Phone call scams are becoming an epidemic. The phone rings and, upon answering, the caller promptly identifies himself/herself and often claims to work with a prominent organization, such as Microsoft – all of which is bogus. However, some of the craftier callers claim to be from the nearest major computer retailer in your area. The one thing that they have in common is that they say they will help you solve issues they have identified on your computer.
This happened to me – here’s how I went about it…
I have personally received two such calls so far. The first caller asked me to download and run software. At that point I didn’t have a secure virtual environment where I could do that without problems, so I pretended to have an unstable Internet connection, refused to give the caller remote access through a demo remote session website provided by a major remote desktop vendor, and the story ended there.
I then set up a secure virtual environment and, sure enough, last week I received another call.
This time the caller knew more about social engineering. They claimed to be calling from the National Computer Centre and asked if my computer was switched on. I said no, as I needed time to boot my virtual machine. When I told him all was ready he asked me to load up an event viewer and report any warnings or errors that it reported (which is something that every computer shows).
When I duly reported my errors I was informed I was going to be transferred to a supervisor. A new speaker came on the line and went into great detail about the errors, advising that they are due to corrupted files.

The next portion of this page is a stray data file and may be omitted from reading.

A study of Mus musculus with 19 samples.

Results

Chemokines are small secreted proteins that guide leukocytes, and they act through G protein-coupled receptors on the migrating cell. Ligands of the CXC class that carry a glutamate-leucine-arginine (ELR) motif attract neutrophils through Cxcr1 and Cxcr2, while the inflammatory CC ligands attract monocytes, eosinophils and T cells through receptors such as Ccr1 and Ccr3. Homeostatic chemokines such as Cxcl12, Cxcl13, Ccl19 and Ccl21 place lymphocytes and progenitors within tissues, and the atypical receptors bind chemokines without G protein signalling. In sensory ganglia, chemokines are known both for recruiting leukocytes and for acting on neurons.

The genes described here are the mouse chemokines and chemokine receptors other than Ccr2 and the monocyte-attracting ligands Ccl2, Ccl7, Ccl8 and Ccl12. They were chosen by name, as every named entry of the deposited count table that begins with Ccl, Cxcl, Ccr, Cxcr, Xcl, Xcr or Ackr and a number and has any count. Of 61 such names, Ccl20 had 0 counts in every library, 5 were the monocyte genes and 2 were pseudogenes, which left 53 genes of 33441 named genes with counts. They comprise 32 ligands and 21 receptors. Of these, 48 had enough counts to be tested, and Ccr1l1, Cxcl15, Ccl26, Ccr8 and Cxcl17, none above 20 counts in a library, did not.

The supervisor takes over
The “supervisor” then explained that these are different from viruses and that anti-virus solutions cannot do anything about them. He then asked if I had noticed my computer slowing down lately. Again, it’s something every computer user would answer “yes” to. At this point I asked if this service incurred a charge. I was told that if the issues were minor they’d be happy to fix it for free, and that there would only be a charge if I had major problems.
I was then asked to download a piece of software, which I did with no intention of running it, figuring it would make great analysis material later on. I lied and said that the download wasn’t working, so I was directed to a new website which also included a remote desktop client. Ironically, when establishing the connection a large warning cautions you not to follow any instructions given through unsolicited calls. I explained this to the supervisor who said, with complete confidence, “Ignore it as that message is not for you”.
Enter the technician…
I established the connection and was then informed I was being transferred to a technician. This made the whole thing sound more legitimate and that was indeed a good piece of theater. This whole process builds credibility with the unsuspecting victim.
The technician asked my name and telephone number in the chat window of the remote desktop. I gave him fake information even though they knew it all already. Then the “technician” launched Windows® Explorer, opened the Windows driver folder (containing the .INF files) and circled the number of files there. He repeated this with the temporary folder and the system folder. He then issued a report where the .INF files were reported as corrupted files, the temporary files were marked as infections, and the files in the system folder were marked as damaged. This gave the total number of issues reported to be over 10,000.
I was then told I was going to be transferred to a better line, but instead the caller hung up (no doubt to save on the phone bill). However, the technician then said we could continue talking through the chat box.
At this point over an hour and 15 minutes had lapsed and I knew they had not intended to take control of my computer but simply have me pay for repairs I didn’t need. So I told the person I was speaking to that I knew he was scamming and closed the session.
But it didn’t end there! Stay tuned for the rest of the experience in Part Two.